Rugby: How the game has changed

Chiefs lock Brodie Retallick tries to break the tackle of a Brumbies defender during the Super...
Chiefs lock Brodie Retallick tries to break the tackle of a Brumbies defender during the Super Rugby final at Waikato Stadium in Hamilton on Saturday. Photo Getty Images
With the most recent edition of the Super 15 having wound up at the weekend, ODT Online rugby contributor Jeff Cheshire casts his mind back to the 1998 final and looks at how the game has changed in the intervening years.

It is amazing how much rugby has changed over the past 15 years. Every year the game gets a little more technical and a little more structured, so much so that the game we know today is a vastly different one to that played in the 1990s.

Last week, Sky Sport played a handful of old Super Rugby finals, each of which made for interesting watching and showed just how the game has developed in recent years. Perhaps the most interesting of these was the 1998 final, the cliff-hanger where the Crusaders toppled the two-time defending champion Blues with a late try to James Kerr.

The game itself was a very different one and in many ways was better to watch. Here are some areas where the game played in 1998 was different to the game played in 2013.

The Breakdown

The breakdown was the most significant and most obvious difference. While in 2013 it has become an area so technical and ambiguous, in 1998 it was a far simpler affair. Players were diving in off their feet and joining from all sorts of angles, hands were being used to clear the ball and most crucially, rucking was still in the game.

It was that last point that made the game work this way. If a player was to dive over the ball, they would be rucked out of the way to prevent them from constantly killing the ball, rather than having to stop the game for a penalty. In fact the only offence consistently penalised at the breakdown was for not releasing the ball on the ground.

Some would say that the rucks in this game were a mess by today's standards. But it certainly made for a better game to watch, one where the breakdown was not such a lottery and teams were not able to simply rack up points from holding on to the ball and waiting for the opposition to make a mistake.


Another clear difference was in the less-competitive attitudes at scrum time and consequently, the fewer scrum resets. In today's game this has become a real problem, as everyone is using the scrum to try to get one up on their opponent and if they can win a penalty. All this results in is a whole lot of scrum resets and kicks at goal from scrums being under pressure, which really is not doing anyone any good.

In the 1998 final the scrum was simply a way to restart the game. There were a couple of occasions where the Blues pack tried to put a decent shove in, but in general both teams stopped pushing once the ball had been won. If it collapsed and the ball was able to come out, the referee would let play continue rather than dish out a penalty which again made for more rugby being played. There were also no engagement calls, with both packs going down together and figuring out themselves when to go.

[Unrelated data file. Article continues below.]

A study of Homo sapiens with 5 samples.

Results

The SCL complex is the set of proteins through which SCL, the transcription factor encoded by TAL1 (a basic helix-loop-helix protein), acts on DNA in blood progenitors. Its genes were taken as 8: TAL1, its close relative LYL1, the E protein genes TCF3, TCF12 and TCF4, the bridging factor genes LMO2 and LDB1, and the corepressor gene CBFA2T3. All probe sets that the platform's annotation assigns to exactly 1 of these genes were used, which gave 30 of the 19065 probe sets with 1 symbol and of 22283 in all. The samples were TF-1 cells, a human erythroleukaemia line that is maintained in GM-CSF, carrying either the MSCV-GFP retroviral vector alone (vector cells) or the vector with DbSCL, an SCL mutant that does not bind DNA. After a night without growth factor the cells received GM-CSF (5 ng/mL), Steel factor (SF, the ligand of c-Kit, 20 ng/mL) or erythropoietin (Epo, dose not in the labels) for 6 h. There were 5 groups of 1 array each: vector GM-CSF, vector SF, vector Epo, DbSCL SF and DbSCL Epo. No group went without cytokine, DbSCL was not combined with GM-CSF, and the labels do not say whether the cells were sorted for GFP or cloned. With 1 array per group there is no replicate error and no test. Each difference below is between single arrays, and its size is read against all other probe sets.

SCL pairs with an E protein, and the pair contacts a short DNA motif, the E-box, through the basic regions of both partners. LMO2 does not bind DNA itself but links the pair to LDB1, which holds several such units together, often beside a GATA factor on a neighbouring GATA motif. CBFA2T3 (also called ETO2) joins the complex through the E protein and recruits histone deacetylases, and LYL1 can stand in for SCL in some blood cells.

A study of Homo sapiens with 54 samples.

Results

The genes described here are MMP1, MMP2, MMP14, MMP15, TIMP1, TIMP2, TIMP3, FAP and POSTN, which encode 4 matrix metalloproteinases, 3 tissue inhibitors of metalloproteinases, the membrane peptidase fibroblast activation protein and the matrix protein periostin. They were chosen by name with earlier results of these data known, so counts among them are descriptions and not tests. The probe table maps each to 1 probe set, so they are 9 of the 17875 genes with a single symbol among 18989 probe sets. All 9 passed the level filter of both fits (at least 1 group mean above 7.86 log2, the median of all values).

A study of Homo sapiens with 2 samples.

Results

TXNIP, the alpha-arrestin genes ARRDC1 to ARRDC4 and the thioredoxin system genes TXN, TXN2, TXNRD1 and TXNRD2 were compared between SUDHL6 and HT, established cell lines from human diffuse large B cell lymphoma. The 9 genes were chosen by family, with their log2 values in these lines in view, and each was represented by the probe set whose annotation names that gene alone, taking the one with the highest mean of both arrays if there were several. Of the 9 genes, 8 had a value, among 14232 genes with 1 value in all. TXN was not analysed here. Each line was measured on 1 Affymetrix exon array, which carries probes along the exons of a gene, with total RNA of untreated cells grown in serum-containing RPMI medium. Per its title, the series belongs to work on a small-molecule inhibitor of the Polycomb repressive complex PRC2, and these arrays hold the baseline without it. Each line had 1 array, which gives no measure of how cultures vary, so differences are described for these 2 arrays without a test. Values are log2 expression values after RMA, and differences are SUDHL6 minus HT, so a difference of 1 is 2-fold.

It definitely made for a better game and there were some points the current law-makers could take from this, especially regarding the way the scrums were officiated.

Defences Were Less Organised

Rugby these days seems to be built on the back of a strong, organised defence. Everyone has a place to be and everything is thought through so extensively that it is hard to break through these defensive lines.

In 1998 this wasn't the case. The players still tackled well and hard, but there weren't the same systems in place to make sure there was always a man plugging every gap. Naturally this created more gaps in the defence and made for more attacking rugby.

Lack of Forward Runners

As a follow on from the last point, the use of forward runners off the ruck was more or less non-existent. The idea of using forward runners is to try to get some go-forward ball and to draw the defence in to create more space out wide. In having forwards running narrow channels, the defence is unable to fan out and cover the entire field as effectively, which means teams can look to move the ball to exploit the gaps wider out.

But with the defences being less organised, there isn't such a need for this. The backs saw far more ball, as both teams looked to play a more open game, throwing the ball around and put players into gaps, rather than trying to initiate contact. Again, it made for a more exciting game with far more action and unpredictability involved in the game.

So How Would They Match Up?

While the 1998 teams probably played a more attractive style of rugby, in reality they would most likely struggle against a modern-day team, even with all things being equal. A team from 2013 would just be too organised and would be too clinical for a team of 15 years ago. They would grind their opponents down, wearing them out by forcing them to tackle and making sure they play the game in their own half. The dominance the today's teams would have at set-piece too would make it for the teams of yesteryear to compete.

It is amazing how much a game can change in 15 years and it certainly makes you wonder where the game is headed in its 15 years. Will we continue to head down the current path of looking to gain an upper-hand in every aspect of the game, one that will surely lead to the destruction of the game should it progress too far? Or will there be a new game style favoured, perhaps one of years gone by, or even something new that hasn't been thought of yet? Every era has seen the game played in a different way and it isn't hard to imagine the game changing drastically again and again. How it will change is the question, only time will tell.